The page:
Reduced cerebral perfusion on sudden immersion in ice water: A possible cause of drowning

Bispebjerg Hospital Research Unit for Anaesthesia and Intensive Care, Copenhagen, Denmark.
Aviation Space and Environmental Medicine (Impact Factor: 0.88). 05/2007; 78(4):374-6.
Source: PubMed


Near-drowning incidents and drowning deaths after accidental immersion in open waters have been linked to cold shock response. It consists of inspiratory gasps, hyperventilation, tachycardia, and hypertension in the first 2-3 min of cold-water immersion. This study explored the immediate changes in cerebral blood flow velocity (Vmean) during cold-water immersion since cold shock induced hyperventilation may diminish Vmean and lead to syncope and drowning.
There were 13 male volunteers who were lowered into a 0 degrees C immersion tank for 30 s. Vmean in the middle cerebral artery (MCA) was measured together with ventilatory parameters and heart rate before, during, and after immersion.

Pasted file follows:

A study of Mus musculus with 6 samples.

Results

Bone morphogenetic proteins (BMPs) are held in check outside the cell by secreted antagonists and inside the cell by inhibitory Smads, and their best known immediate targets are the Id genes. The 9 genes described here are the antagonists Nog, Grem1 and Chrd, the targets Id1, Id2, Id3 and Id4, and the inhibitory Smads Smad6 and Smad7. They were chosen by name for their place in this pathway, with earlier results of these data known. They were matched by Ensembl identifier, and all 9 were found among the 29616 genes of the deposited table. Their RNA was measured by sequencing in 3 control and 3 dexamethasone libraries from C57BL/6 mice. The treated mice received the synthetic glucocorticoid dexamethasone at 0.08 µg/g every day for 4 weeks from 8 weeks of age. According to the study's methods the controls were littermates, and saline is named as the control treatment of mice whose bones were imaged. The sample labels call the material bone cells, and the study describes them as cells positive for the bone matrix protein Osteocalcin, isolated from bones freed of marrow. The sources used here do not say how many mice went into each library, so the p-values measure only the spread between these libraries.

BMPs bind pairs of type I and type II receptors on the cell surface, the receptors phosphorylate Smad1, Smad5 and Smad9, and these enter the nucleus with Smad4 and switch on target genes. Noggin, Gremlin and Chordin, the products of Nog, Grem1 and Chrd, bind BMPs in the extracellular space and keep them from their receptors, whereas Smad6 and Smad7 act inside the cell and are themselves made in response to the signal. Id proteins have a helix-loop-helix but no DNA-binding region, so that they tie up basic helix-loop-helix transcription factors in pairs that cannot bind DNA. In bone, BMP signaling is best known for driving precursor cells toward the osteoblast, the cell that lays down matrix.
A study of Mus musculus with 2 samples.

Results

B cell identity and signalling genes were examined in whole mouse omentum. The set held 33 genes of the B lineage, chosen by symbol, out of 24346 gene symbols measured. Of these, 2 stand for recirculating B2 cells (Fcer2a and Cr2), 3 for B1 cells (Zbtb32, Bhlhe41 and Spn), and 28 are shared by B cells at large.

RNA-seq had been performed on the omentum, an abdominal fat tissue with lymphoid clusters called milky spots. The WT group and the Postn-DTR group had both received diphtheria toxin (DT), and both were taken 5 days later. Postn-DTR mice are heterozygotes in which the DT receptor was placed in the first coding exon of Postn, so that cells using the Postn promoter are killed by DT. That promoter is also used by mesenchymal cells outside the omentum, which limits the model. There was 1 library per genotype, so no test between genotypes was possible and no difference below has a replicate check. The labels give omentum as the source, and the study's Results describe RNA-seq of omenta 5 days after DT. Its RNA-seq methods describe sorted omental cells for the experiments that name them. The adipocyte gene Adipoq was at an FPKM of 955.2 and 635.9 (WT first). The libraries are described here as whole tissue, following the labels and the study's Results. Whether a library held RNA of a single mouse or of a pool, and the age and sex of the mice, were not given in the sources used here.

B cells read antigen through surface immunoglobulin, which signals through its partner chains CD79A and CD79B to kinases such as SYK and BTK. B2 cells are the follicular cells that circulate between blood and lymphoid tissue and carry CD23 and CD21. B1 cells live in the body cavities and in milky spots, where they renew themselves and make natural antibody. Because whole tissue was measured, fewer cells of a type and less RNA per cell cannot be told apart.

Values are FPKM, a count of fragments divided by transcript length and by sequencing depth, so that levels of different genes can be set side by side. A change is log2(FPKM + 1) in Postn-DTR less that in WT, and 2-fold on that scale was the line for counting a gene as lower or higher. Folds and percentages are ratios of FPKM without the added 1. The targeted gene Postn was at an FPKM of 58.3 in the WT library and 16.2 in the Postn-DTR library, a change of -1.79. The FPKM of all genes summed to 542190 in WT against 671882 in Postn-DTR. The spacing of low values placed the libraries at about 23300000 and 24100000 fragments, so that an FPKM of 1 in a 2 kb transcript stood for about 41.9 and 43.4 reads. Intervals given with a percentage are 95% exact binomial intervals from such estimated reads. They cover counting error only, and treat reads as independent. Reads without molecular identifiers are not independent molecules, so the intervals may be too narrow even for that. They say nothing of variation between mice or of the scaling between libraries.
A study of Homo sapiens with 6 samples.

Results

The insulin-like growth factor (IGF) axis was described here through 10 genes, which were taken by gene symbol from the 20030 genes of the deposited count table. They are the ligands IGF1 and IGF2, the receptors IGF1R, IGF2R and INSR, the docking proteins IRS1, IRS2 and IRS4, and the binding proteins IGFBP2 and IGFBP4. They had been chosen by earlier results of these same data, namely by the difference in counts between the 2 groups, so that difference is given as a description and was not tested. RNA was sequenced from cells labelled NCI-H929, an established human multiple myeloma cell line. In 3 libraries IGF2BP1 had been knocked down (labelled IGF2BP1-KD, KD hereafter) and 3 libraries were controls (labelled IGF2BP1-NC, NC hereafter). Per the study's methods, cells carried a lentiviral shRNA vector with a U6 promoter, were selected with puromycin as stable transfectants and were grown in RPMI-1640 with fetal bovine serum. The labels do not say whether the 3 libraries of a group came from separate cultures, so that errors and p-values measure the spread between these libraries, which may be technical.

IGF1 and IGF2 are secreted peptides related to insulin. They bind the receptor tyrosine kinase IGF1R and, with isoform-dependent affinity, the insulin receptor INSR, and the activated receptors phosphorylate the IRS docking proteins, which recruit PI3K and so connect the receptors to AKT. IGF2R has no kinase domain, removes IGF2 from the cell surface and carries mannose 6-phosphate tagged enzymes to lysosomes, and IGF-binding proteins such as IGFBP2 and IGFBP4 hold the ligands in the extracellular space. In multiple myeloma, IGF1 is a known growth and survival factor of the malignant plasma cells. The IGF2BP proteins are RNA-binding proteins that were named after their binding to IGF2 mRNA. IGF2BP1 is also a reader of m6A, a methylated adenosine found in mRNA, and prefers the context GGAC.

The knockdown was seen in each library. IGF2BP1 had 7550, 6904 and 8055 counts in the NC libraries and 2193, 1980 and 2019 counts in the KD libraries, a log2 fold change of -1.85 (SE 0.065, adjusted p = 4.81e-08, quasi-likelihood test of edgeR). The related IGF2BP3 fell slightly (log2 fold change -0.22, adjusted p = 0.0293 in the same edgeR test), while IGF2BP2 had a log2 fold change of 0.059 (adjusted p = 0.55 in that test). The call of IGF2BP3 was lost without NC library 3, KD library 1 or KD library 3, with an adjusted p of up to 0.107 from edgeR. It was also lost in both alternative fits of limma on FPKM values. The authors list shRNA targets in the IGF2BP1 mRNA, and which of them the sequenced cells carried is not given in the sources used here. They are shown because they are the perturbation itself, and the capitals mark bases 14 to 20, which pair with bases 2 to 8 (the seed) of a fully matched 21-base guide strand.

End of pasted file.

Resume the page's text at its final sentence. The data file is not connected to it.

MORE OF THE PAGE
Within seconds after immersion in ice water, heart rate increased from 74 +/- 16 to 107 +/- 18 bpm (mean +/- SD; p < 0.05). Immersion was associated with a marked elevation in respiratory rate (from 16 +/- 3 to 38 +/- 14 breaths x min(-1)) and tidal volume (883 +/- 360 to 2292 +/- 689 ml). The end-tidal carbon dioxide tension decreased from 38 +/- 4 to 26 +/- 5 mmHg and MCA Vmean dropped by 43 +/- 8%. Signs of imminent syncope (drowsiness, blurred vision, loss of responsiveness) were shown by two subjects (MCA Vmean dropped 62% and 68%, respectively).
Following ice-water immersion, hyperventilation induced a marked reduction in MCA Vmean to a level which has been associated with disorientation and loss of consciousness.